Better Peripheral Vision Can Prevent Falling

Hi everyone! Here is a re-post of the short peripheral vision exercise from my recent newsletter (that focused on why Feldenkrais Awareness Through Movement lessons may improve brain function).

After an injury, surgery or when we are afraid of falling for any reason, people of all ages will begin leaning forward and bending their necks to watch what is in front of them on their path in an effort to avoid anything that might cause them to mis-step and fall. The irony is that the very way we attempt to protect ourselves from falling actually increases the likelihood that we will, by introducing instability into our posture and movement. Here is a solution to work with that will create more skeletal stability and empowerment in your walking.

Improve Peripheral Vision

Instead of looking down to avoid falling, we can practice directing our vision outward toward the horizon and consciously include/expand our peripheral vision to include a greater field. This prevents you from taking the head and neck forward, a movement that ironically predisposes the body to move into a falling position! Thus by bending the neck downward, you are more likely to be create the outcome you are trying to avoid.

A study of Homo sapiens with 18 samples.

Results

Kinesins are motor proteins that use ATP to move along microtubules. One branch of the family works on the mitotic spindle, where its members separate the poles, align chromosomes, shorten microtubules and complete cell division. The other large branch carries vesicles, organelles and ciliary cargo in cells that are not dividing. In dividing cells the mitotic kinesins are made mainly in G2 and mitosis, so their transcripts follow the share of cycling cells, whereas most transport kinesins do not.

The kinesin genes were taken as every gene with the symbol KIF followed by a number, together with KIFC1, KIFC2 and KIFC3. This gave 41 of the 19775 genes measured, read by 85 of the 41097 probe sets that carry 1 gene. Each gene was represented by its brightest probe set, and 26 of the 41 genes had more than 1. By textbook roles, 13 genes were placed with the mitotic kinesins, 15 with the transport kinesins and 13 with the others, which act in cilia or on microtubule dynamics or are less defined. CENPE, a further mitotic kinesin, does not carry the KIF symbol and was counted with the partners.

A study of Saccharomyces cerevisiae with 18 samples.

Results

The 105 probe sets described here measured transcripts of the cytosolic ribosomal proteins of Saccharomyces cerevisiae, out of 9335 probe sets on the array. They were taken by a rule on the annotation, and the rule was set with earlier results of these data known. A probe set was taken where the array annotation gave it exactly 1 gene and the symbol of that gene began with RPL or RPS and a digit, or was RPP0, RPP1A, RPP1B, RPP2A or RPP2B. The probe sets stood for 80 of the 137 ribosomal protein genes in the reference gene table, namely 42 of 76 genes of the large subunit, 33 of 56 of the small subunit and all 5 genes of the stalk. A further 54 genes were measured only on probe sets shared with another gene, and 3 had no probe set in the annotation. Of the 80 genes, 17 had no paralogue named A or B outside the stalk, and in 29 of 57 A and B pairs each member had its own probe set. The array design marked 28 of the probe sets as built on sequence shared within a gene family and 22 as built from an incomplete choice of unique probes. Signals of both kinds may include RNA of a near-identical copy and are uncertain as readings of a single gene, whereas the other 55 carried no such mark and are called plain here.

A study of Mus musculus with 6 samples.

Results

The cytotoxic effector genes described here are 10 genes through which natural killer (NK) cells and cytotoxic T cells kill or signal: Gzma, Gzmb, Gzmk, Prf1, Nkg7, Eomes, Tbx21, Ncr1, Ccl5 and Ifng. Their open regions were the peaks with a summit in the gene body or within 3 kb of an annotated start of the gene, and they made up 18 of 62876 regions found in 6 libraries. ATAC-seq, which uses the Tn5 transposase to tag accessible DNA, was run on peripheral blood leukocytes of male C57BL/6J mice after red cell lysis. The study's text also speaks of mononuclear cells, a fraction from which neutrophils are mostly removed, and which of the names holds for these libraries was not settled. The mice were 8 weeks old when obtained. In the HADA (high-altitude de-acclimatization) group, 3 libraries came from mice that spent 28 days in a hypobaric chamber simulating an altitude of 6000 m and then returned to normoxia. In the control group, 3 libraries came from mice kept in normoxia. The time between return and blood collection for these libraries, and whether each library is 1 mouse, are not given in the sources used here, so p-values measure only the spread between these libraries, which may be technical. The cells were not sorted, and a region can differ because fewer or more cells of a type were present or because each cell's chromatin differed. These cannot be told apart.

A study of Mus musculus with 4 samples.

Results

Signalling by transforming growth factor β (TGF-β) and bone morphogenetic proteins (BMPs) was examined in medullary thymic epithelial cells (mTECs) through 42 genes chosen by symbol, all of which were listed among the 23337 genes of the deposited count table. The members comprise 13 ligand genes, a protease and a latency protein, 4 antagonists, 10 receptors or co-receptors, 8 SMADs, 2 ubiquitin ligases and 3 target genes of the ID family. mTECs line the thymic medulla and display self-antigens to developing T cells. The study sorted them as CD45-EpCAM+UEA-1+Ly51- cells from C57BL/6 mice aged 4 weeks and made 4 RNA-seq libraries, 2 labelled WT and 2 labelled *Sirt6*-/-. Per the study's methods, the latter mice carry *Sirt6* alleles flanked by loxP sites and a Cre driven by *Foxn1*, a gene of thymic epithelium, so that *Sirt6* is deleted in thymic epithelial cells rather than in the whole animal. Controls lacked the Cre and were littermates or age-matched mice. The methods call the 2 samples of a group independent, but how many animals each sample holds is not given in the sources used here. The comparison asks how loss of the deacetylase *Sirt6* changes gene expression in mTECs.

This exercise will also assist in relaxing your neck and diminishing tension associated with eye strain or spending too much time in front of the computer. To sign up for my newsletter, come to classes and to find out more about learning to use the Feldenkrais Method to improve all your activities, please contact me directly through the contact form in the upper right hand corner of this web page.

Learn to expand your visual field (consciously using your eyes) while relaxing your neck:

1. Look straight ahead and notice your visual field and what you see comfortably.

2. Turn your head slowly from side to side a few times and notice the range and the quality of the movement.

3. Now allow your visual field to increase so that you have more peripheral vision. Notice that your visual field has expanded and you can see more with less effort.

4. Continue to keep this expanded visual field and turn your head slowly from side to side noticing how this changes the range and ease of the movement.

5. Consciously practice expanding the visual field whenever you feel tension in the neck and eyes.